Linked by Christian F.K. Schaller on Tue 23rd Mar 2004 19:25 UTC
Graphics, User Interfaces Computer graphics have long been dominated by bitmapped images. However, the free software community has taken an innovative lead by adopting scalable graphic formats on its desktops. Inthis article I cover the history and rise of scalable graphics on the desktop from my angle - as a proponent of its use in the GNOME platform. This article mostly focuses on SVG's progress from a GNOME point of view, both because GNOME has progressed the furthest and because I am most knowledgable with GNOME's efforts. I will however mention major landmarks in other projects where appropriate.

Unfortunately, it's still the only thing close to a full implementation of SVG. And Illustrator is still the only thing close to a full-featured authoring tool (I know the article is primarily about Gnome, but it might have been mentioned). ;)

SVG could replace HTML *tomorrow* if web browsers only supported it ... and I would step over my own mother to see this happen. No more cutting up pages into images, no more reimplementing design elements as block-level elements, background colors or (ugh) table cells. Web sites in 1/10 the time, easy.

Or as a screen display engine, like Apple's Quartz or Microsoft's Longhorn ... it would mean the end of different monitor sizes or different monitor resolutions. You could set screen text to be a quarter of an inch high and forget it.

Kudos to the Gnome developers for all their hard work, but by focusing on icon sets and 2D office toy games, I think they've completely missed the point. They're putting vector-based shapes where they make the least sense and ignoring the proverbial "killer apps."

I mean, icon sets? I'm sure there's a place for some vector elements here ... but icons are by their definition relatively small ... that's why Apple uses big TIFFs for its icons (big enough so they only get scaled down, not up) even though its overall rendering engine (Quartz) is vector-based. Just like artists embed bitmap pieces into vector-based compositions all the time. But Gnome is doing the opposite, which is completely bass-ackwards ... you completely rob vector shapes of their scability if you embed them in a fixed, bitmapped framework. You're just condemning vector-originated images to a bitmapped Xwindows prison ... at that point you could flatten your precious vectors to 400x400 pixel bitmaps and no one would be able to tell the difference. And in the meantime, you've limited your creativity to what can be created using vector shapes and gradient fills.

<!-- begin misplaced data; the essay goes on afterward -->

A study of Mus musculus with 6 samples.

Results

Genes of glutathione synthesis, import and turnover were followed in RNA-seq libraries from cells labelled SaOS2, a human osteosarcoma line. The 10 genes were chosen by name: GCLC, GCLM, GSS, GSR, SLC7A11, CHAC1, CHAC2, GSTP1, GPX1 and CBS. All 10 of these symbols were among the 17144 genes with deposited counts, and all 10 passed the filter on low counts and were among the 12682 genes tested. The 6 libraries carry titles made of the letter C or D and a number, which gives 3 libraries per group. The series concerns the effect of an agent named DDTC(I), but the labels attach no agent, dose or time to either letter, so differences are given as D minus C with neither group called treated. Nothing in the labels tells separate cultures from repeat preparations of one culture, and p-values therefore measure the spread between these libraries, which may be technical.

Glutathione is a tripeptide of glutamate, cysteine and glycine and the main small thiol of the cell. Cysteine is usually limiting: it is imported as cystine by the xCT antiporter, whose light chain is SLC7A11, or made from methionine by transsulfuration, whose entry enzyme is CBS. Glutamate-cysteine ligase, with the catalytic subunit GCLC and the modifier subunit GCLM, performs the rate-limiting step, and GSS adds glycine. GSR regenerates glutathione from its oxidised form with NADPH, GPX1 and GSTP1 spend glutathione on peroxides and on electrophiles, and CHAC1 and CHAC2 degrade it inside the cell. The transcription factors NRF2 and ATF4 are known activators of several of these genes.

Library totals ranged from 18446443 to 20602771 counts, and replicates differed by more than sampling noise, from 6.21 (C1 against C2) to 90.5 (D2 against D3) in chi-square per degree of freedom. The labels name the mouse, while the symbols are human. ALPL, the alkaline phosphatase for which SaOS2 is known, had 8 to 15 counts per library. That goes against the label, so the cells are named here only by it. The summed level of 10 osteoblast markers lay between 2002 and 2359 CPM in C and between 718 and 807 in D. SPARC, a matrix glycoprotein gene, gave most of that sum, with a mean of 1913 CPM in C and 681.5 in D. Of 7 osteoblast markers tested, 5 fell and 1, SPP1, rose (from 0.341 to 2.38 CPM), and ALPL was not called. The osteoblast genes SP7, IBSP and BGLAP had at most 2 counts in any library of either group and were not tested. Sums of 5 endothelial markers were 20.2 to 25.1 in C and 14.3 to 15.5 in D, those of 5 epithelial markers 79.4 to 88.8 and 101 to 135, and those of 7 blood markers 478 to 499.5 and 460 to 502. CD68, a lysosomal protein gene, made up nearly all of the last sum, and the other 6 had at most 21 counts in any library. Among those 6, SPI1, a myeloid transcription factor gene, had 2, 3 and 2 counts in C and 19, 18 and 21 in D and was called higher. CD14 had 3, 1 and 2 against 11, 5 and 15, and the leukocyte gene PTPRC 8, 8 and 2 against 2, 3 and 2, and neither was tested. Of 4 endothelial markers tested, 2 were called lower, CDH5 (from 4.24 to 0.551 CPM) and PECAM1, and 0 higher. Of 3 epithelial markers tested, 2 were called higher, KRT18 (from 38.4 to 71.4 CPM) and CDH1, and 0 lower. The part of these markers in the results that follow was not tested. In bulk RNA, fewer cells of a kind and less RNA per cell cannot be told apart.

And for games? I'm sorry, but think of SVG's inherent artistic limitations ... it's not like people were creating games in PostScript before SVG came on the scene. Pretty much every commercial game out there (i.e. any first-person shooter) has been 3D vector-based for 5 or 10 years, and the game developers of the world aren't exactly clamoring to give up DirectX and move to 2D vectors. OK, maybe just for Mahjongg.

"I'm all for vector art - but wouldn't embedding a bitmap kinda defeat the "S" in SVG?"

No -- any normal illustrator mixes the two all the time ... open up any magazine and look at one of the ads. Or the page layouts for that matter. How does it happen? Photos and hand illustrations are digitized and mixed with type, vector shapes, gradients etc. Or another common technique is to take a bunch of vector-based art and hand-shade it in Photoshop to get realistic shades and tones.

The value of SVG comes from its ability to create the visual framework (a magazine layout, a web page, an application UI) not from drawing the standalone pieces (illustrations, icons) that might be embedded in it.